Statement by an IMF Staff Mission in PeruPress Release No. 08/319
December 12, 2008
An International Monetary Fund (IMF) staff mission, led by Mr. Martin Cerisola, visited Lima over the past two weeks to conduct the 2008 Article IV consultation and the fourth review and inflation consultation under Peru's Stand-By Arrangement (SBA). The SDR 172.37 million SBA, which the authorities treat as precautionary, was approved by the Executive Board of the IMF on January 26, 2007 (see Press Release No. 07/15).
At the conclusion of the visit today, the mission issued the following statement:
"The IMF mission held extensive discussions with government and central bank officials, as well as a broad spectrum of representatives from the business community, the financial sector, academia, and civil society. These discussions focused on Peru's strong economic performance in recent years, the main challenges lying ahead, and the policies needed to sustain economic success in light of the uncertain and deteriorating global economic environment. The mission was impressed by the strong consensus in society on the need for Peru to sustain prudent macroeconomic policies and pursue further reforms to enhance medium-term growth prospects and entrench long-lasting improvements in the standard of living for all members of society.
"Prudent policies have been essential to mitigate the impact of the global financial crisis on Peru. For the third consecutive year, the nonfinancial public sector is projected to register a surplus and the Central Reserve Bank has taken measures, consistent with its inflation targeting framework, to ensure ample liquidity in the financial system, while limiting pressures on the currency and risks from dollarization. Large official reserves and strong financial soundness indicators, along with banks' limited reliance on external funding also helped buffer Peru from the sharp financial turbulence seen in other countries.
"The IMF mission is of the view that Peru's outlook for 2009 remains favorable while subject to an unusual degree of uncertainty associated with the depth and duration of the global slowdown. The economy's underlying strength and diversified growth base provide an important buffer to the risks of further deterioration in the global economy. The Peruvian economy is expected to be among the fastest growing economies in the world in 2009, with real GDP growth projected at 6 percent. With global price disinflation already underway, inflation should decelerate below 3 percent by end-2009.
"Discussions also highlighted the need for macroeconomic policies to remain prudent and focused on achieving a soft-landing. This will require a delicate balancing act between the risks associated with the global slowdown and the economy's underlying momentum. The authorities' Plan for Sustaining Economic Growth, Employment, and Poverty Alleviation in a Global Crisis is an important step to bolster domestic business confidence. At this juncture, several of the measures announced by the authorities seem sufficient to buffer the economy from the risks associated with the global slowdown.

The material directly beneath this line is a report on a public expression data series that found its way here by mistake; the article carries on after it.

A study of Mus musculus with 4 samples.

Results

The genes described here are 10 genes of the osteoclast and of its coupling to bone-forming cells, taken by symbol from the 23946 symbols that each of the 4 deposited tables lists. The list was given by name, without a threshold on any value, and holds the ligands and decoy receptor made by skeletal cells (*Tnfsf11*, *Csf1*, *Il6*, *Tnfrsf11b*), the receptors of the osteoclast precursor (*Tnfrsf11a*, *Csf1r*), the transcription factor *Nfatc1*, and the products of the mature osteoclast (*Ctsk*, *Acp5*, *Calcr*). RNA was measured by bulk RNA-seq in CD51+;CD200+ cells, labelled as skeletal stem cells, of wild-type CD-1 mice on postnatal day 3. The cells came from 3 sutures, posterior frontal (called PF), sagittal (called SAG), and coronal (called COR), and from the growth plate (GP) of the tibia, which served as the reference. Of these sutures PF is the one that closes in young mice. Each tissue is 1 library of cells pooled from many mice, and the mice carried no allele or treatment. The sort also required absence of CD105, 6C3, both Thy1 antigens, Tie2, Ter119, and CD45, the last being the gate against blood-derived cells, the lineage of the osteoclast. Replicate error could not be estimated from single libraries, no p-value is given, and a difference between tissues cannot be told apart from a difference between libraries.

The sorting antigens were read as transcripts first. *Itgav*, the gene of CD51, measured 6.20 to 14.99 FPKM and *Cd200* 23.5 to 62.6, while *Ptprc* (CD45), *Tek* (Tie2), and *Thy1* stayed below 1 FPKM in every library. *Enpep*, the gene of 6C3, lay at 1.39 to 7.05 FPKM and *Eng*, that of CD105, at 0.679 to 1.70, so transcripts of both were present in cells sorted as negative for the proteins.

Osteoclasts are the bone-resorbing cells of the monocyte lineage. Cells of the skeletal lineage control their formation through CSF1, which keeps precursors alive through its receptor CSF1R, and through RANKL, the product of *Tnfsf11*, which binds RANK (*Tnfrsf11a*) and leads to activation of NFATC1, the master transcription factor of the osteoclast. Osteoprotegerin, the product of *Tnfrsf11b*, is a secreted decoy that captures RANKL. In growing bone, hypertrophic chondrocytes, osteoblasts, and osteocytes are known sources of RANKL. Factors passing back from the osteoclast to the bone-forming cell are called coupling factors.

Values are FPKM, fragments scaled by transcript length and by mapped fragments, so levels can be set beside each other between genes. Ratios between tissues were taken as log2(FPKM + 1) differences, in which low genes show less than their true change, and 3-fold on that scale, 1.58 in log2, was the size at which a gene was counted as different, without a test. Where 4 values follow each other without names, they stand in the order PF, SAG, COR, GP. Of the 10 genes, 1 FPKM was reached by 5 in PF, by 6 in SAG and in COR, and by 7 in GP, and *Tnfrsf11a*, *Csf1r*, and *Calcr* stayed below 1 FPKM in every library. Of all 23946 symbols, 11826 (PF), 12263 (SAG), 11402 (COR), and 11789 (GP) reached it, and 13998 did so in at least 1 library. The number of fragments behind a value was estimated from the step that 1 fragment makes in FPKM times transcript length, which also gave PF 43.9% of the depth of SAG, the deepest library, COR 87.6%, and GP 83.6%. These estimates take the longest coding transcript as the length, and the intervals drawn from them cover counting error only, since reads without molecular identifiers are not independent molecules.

"The authorities' focus on strengthening the financial system and sustaining an orderly financial deepening is timely. Prudential regulations on consumer loans have been tightened, and new procyclical provisioning rules are being introduced, while enhanced capitalization requirements will be implemented in line with Basel II. Going forward, continued monitoring of nonperforming loans, particularly those to consumers and microenterprises, is important in light of the expected economic slowdown and tighter bank lending standards. Priority should be given to enacting the increase in minimum capital requirements for microfinance institutions. The mission welcomes ongoing work to strengthen the framework for crisis preparedness, including plans to ensure adequate liquidity in the financial sector.
"It will be important to further institutionalize the prudent fiscal policy of recent years, including by adopting a medium-term expenditure and budget framework, accompanied by a structural fiscal rule. There is also scope to further solidify the inflation targeting framework, by delinking board member appointments from the presidential cycle, and to gradually allow for greater exchange rate flexibility to enhance the economy's ability to buffer shocks.
"Much has been accomplished in enhancing the business environment and reducing poverty in recent years. Going forward, advancing administrative simplification and reducing the cost of doing business remain important priorities. The IMF mission welcomes the commitment to further assess and enhance the effectiveness of important social programs."